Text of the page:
Opinion

Why Nevada’s upcoming special election is worth watching

Last Saturday, the Nevada Democratic Party’s Central Committee selected State Treasurer Kate Marshall to be the Democratic candidate in the upcoming special election to replace now-Sen. Dean Heller in the House of Representatives.

Marshall won the near-universal support of those voting, a testament to the strong backing from influential party members with which she enters the race. However, the most powerful individual behind Marshall in her fight to take Nevada’s Second District appears to be Senate Majority Leader Harry Reid.

As of Saturday, Reid — whose 2010 campaign earned high praise for smart and early organizing that guaranteed former opponent Sharron Angle a much tougher fight than many expected or even observed during the campaign itself — had reportedly already helped Marshall raise close to $100,000.

More money will likely follow. Per Fred Lokken, a political science professor at Truckee Meadows Community College quoted by the Reno Gazette-Journal, “What Harry Reid has repeatedly demonstrated is that he has juice. Not only can he raise a phenomenal amount of money for his own campaign, his star power also brings those types of contributions to the people he endorses.”

But the Reid factor is just one of two reasons that the special election, which is slated for September 13, is worth watching.

The second is the lack of clarity surrounding who the contenders in the race will be.

A week before Democrats nominated Marshall, Republicans nominated former state senator and state party chairman Mark Amodei. Provided that Nevada’s Supreme Court signs off on the method of selection used in both cases, the race is set. If, however, the Court allows other candidates to be included on the ballot, the race could be somewhat messy. Former USS Cole Commander Kirk Lippold wants to run and has some prominent supporters, including former Congresswoman Barbara Vucanovich, who represented the district from 1983 to 1997. However, according to some involved with the race, Republicans’ desire to beat Reid by proxy is motivating them to unite and get moving.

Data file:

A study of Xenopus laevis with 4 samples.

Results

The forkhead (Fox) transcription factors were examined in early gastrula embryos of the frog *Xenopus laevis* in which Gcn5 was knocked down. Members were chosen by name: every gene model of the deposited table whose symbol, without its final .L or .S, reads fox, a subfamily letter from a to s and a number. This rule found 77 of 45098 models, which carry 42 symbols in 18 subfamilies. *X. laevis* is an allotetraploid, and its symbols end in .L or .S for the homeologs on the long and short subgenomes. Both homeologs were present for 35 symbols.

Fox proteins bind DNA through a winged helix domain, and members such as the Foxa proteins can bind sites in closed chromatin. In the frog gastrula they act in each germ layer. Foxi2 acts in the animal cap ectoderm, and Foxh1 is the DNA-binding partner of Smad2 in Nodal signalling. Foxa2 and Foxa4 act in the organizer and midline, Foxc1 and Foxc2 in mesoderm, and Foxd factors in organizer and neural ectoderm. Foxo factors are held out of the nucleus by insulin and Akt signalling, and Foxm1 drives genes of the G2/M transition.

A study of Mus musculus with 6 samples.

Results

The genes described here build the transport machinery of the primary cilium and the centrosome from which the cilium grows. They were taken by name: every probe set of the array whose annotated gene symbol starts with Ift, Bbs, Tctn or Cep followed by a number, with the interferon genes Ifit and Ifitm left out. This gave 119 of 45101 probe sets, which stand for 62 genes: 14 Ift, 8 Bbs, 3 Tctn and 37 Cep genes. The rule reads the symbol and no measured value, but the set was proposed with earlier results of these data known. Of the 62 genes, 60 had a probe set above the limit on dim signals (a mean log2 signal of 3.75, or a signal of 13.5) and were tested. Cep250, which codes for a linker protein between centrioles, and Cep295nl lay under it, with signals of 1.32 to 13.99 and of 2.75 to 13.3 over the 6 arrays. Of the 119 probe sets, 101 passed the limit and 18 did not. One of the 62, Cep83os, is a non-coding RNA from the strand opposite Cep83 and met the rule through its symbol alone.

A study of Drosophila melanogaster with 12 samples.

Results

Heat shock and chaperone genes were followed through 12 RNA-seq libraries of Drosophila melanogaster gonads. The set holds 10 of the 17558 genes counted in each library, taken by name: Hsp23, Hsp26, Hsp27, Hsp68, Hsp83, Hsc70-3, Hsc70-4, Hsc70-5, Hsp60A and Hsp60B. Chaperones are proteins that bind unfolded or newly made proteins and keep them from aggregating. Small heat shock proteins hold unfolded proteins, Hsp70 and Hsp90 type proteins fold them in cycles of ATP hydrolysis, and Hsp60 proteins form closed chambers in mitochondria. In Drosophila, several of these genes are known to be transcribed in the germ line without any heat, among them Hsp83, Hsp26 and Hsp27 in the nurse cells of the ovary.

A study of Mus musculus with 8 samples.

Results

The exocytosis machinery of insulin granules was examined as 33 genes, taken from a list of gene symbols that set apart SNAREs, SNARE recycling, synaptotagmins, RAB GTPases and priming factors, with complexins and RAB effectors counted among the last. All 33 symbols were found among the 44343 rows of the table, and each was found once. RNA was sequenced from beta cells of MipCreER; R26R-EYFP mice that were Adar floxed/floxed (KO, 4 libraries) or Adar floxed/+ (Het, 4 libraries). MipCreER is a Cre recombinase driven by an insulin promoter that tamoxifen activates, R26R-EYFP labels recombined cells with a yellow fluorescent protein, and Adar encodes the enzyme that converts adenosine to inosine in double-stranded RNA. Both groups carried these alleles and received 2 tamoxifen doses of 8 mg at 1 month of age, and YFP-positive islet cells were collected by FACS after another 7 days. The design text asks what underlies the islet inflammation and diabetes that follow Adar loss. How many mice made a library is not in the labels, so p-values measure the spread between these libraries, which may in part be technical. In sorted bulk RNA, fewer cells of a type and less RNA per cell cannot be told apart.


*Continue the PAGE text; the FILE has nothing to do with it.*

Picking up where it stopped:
Amodei, for his part, has come out swinging.

As of Saturday, his campaign had brought in about two-thirds as much cash as Marshall’s.

Following his nomination, Amodei released an ad that might politely be described as “attention-grabbing” (though others have used spicier terminology) focused on the issue of the national debt. Amodei’s campaign concedes it’s “provocative.” However, they also clearly see the issue of the national debt — and the debt limit — as a major concern in the district, as it is nationally. According to Amodei consultant Rob Stutzman, “We see the debt limit as a very timely and important issue, particularly for the voters of Nevada … Mark was anxious to set the agenda for what this race is about.” So, too, is the National Republican Congressional Committee, it seems: On Wednesday, the NRCC released a Web ad focused on the national debt entitled “Kate Marshall’s Chinese Credit Card.”

Marshall, for her part, has been arguing that the race is about many of the usual catch-phrases popular with Democratic candidates running in Republican districts while seeking not to offend. To summarize a fundraising email, her goals are to stand for working families, create jobs, control runaway spending and make government perform for Nevadans, not for special interests. But observers of the race say Marshall is already veering far to the right in an effort to appear more conservative than she really is. One individual watching the race closely characterized Marshall as in truth more Hillary Clinton than Heath Schuler.